Alick Zimba’s Life-Saving Diagnosis In the heat of a September morning, two men carry a man on a bicycle to Orant’s Mobile …
Practices for a Moral Revolution
Book by Jacqueline Novogratz offers insights on how to build a better world
In a small village in Pakistan, a girl named Shameem Akhtar was born. Her tribe saw girls as a burden. No girl in her village had ever attended school. Her parents, only teenagers, did something daring and imaginative. They raised Shameem as a boy. Unlike other village girls, Shameem went to school. She sat at the feet of elder men during councils. And she studied hard to be the best in her class.
Eventually, Shameem went on to university. She was able to stop posing as a boy. After graduating, she started a job, allowing her to send money home to her parents. For the first time, her village saw the benefits of educating girls.
Shameem’s story is one of courage, love, and potential. Her parents challenged cultural status quos. Shameem’s potential could have been lost. Instead, she went on to earn a Ph.D. More importantly, she returned to her region to pay it forward. She is now a teacher, working to educate and empower eager and capable girls like she herself once was.
We came across Shameem’s story in Jacqueline Novogratz’s book Manifesto for a Moral Revolution. The Manifesto is 252 pages of resilient hope for change-makers. It is filled with inspiring stories like Shameem’s. Stories about people who lead with moral courage and imagination. People who make positive change in a broken world. People who use their gifts to lift the lives of the poor—smartly, empathetically, and effectively.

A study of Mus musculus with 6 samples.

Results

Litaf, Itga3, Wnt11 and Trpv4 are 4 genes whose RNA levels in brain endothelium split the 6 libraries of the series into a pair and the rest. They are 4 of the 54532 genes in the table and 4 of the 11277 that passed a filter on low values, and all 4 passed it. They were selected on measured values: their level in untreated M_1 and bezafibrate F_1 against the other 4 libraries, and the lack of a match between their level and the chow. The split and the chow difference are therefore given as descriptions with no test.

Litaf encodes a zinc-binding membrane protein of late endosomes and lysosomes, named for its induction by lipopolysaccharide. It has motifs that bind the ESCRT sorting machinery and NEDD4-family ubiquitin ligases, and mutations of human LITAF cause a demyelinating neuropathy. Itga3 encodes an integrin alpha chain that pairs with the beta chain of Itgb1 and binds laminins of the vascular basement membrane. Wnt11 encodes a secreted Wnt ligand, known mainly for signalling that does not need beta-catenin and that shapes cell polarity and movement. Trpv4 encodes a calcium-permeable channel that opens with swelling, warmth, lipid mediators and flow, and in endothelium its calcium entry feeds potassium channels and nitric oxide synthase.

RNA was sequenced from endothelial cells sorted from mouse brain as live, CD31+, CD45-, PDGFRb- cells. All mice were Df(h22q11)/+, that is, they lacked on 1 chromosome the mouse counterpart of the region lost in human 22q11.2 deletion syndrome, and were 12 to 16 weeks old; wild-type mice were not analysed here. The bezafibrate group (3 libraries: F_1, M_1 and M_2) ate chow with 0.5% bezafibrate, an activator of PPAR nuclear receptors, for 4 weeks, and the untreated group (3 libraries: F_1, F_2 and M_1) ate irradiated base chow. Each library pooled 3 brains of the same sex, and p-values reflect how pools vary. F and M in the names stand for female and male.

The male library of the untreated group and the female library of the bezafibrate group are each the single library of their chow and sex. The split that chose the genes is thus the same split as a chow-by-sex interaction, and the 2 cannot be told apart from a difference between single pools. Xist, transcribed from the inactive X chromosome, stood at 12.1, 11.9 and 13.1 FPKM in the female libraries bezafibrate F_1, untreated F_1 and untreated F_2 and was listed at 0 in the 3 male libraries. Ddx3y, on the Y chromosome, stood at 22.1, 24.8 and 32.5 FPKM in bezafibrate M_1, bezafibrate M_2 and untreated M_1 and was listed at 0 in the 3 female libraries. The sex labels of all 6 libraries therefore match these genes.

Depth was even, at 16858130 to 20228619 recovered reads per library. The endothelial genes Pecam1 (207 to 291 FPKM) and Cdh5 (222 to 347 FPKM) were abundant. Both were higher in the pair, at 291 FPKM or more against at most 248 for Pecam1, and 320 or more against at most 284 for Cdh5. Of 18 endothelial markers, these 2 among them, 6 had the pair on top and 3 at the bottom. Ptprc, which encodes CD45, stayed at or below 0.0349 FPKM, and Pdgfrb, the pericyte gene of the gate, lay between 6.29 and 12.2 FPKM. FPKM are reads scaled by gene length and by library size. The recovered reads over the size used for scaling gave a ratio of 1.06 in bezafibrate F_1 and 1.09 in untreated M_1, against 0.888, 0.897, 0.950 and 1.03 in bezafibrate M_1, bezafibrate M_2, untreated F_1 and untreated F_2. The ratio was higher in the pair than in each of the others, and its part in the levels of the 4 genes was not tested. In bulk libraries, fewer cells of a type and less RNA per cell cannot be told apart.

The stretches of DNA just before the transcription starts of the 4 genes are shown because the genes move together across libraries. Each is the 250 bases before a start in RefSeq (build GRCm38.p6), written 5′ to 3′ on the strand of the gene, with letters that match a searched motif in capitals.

“What if our Golden Rule were not only “Do unto others as you would have them do unto you” but also “Give more to the world than you take from it”?” Jacqueline asks.
With over 30 years of experience in change-making, Jacqueline cuts to the heart of things. She challenges how we calculate success in terms of profit and status. “Laughter, respect, a sense of belonging, dignity—these are the things that matter the most to our experience as human beings,” Jacqueline argues. Thus, they are the metrics that we should celebrate. That we should incorporate into business models. That we should embody in every domain of our lives.
Jacqueline’s book is a breath of fresh air for anyone feeling jaded by the state of the world. It is a rallying cry against cynicism and toward hope. Toward more than hope, toward action.
“Change is the domain of all of us,” she writes.
Change is the domain of Orant. It is the domain of you.
If you’re interested in building a more equitable and sustainable world, you might find value in reading Manifesto for a Moral Revolution. You can even host a book club. And/or, listen to the author share her expertise on this podcast. We’d love to hear what you think. Let us know!